In re Goody’s LLC, No. 09-10124 (CSS) (Bankr. D. Del. May 13, 2014)
A recent Opinion issued by Judge Sontchi analyzed a motion filed by the debtors in In re Goody’s LLC to enforce plan injunctions and determine liability for certain employment taxes. The issue in Goody’scentered on the post-petition payment of allowed pre-petition wage claims. The debtors withheld employment taxes (the “Withheld Amounts”) from the wage payments, filed requisite tax returns, deposited the Withheld Amounts with the Internal Revenue Service (the “IRS”), and requested the IRS to apply the Withheld Amounts to the employees’ federal income and Social Security taxes related to the wages (the “Trust Fund Liability”). Instead, the IRS applied the Withheld Amounts to the debtors’ Social Security and Medicare taxes related to the wages (the “Employer Liability”) and contended that the Trust Fund Liability remained outstanding.
The debtors objected to the IRS’s application of the Withheld Amounts to the Employer Liability. The IRS did not file a proof of claim related to the pre-petition liability and thus, according to the debtors, the confirmed plan barred the IRS’s application and collection. The IRS disagreed, asserting that the Employer Liability did not arise until the wage payments were made to the employees post-confirmation and the subsequent tax forms were filed, as employers are not required to withhold and turnover the taxes until that time.
The Court examined and relied upon several decisions of courts outside the Third Circuit for its conclusion that the IRS’s claim to the Employer Liability arose when the wages were earned pre-petition because the critical date is when taxes accrue, not the date of their assessment. Notwithstanding the foregoing, Judge Sontchi held that the failure of the IRS to file a proof of claim did not bar its collection of the Employer Liability. Under United States Supreme Court precedent, the “employer” required under the Internal Revenue Code to pay the Employer Liability is the entity making the wage payments to the employees. See Otte v. United States, 419 U.S. 43 (1974) (holding the bankruptcy estate liable for taxes on account of post-petition payments for pre-petition wage claims because the estate, rather than the bankrupt corporation, was the liable “employer”). Accordingly, the Court in Goody’s found that the “payment of the pre-petition wages (and the subsequent filing of the 941 tax returns) trigger[ed] the IRS’s right to payment[, and as] such, the IRS was not obligated to make a claim in these cases until the Debtors’ paid the wages.”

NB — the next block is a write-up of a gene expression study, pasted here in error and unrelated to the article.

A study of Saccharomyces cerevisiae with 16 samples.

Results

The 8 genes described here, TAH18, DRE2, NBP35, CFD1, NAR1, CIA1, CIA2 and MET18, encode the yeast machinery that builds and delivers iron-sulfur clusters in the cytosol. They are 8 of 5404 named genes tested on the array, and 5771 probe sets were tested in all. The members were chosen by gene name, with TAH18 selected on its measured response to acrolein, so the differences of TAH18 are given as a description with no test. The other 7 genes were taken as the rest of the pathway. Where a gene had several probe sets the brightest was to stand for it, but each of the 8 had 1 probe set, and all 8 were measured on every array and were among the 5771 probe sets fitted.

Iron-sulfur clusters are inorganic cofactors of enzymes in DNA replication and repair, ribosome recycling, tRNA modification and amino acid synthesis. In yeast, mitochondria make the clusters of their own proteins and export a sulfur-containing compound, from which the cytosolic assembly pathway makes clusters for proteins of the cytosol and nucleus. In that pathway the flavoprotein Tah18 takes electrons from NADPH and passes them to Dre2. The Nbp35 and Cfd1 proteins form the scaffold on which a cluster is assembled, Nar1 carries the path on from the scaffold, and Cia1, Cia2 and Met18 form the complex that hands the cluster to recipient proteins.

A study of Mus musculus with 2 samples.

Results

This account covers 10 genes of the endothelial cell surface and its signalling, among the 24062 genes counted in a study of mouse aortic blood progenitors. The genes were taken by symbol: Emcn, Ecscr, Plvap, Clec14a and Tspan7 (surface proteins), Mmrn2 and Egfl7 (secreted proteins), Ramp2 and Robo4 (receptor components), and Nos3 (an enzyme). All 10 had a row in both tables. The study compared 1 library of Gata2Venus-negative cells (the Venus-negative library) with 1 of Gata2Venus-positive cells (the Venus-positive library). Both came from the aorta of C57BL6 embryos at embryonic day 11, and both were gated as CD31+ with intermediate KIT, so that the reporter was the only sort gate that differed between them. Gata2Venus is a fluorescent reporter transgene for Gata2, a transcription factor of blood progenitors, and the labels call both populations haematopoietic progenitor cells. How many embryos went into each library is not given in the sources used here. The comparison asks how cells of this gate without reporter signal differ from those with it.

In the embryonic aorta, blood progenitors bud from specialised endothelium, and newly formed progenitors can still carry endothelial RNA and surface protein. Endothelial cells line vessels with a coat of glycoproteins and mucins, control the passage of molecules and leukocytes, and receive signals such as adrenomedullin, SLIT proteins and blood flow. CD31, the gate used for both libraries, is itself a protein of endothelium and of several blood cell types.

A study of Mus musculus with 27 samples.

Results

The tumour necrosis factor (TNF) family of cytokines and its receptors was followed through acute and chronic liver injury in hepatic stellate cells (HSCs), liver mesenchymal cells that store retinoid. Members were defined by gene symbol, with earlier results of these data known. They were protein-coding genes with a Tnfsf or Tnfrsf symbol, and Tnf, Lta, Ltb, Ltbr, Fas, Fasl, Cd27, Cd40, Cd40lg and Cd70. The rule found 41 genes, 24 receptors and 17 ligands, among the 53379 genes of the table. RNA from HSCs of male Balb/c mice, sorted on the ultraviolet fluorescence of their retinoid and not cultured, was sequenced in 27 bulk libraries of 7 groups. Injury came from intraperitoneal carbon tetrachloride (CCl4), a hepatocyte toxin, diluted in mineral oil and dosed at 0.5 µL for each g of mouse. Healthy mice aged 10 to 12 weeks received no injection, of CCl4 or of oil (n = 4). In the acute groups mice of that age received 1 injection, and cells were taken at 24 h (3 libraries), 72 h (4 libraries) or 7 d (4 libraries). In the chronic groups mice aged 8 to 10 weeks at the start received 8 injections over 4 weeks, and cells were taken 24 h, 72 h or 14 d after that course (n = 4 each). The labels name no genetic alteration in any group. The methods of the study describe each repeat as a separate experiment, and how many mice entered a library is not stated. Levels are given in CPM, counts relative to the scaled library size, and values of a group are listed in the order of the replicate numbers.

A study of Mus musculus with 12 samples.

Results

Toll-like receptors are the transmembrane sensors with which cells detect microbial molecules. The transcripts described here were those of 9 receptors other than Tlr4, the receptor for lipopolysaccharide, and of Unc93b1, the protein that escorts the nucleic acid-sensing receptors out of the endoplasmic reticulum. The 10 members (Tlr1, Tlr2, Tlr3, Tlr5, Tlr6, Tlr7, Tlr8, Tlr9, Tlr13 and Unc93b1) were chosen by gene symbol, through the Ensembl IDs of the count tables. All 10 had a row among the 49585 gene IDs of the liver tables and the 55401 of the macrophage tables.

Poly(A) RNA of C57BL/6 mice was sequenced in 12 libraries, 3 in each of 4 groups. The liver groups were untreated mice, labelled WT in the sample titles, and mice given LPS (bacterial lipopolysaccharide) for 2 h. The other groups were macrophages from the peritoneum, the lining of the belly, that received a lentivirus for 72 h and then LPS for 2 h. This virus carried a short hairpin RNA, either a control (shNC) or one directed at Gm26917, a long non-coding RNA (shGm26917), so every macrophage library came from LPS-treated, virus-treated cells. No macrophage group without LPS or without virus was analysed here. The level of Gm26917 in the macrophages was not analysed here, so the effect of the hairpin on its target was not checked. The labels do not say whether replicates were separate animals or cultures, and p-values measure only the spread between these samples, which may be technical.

Facing a valid claim for Employer Liability, the debtors sought to have the Court reallocate the payment of the Withheld Amounts from the Employer Liability to the Trust Fund Liability. It was advantageous for them to do so in order to avoid the imposition of the Trust Fund Liability onto the liquidating trustee (i.e., the individual who paid the pre-petition wage claims and thus, responsible for the collection and payment of the taxes) and the triggering of certain indemnification provisions under the confirmed plan. The Court did not address the issue directly because it found that the debtors failed to make a factual record supporting their burden of proof. However, in making this finding, the Court relied on the United States Supreme Court decision in In re United States v. Energy Res., 495 U.S. 545 (1990), which held that a bankruptcy court has authority to order the allocation of IRS payments if the designation is necessary to the success of a plan. Judge Sontchi observed that courts are split regarding the applicability of Energy Resources to Chapter 11 liquidating plans, but noted the persuasiveness of those finding affirmatively for its applicability.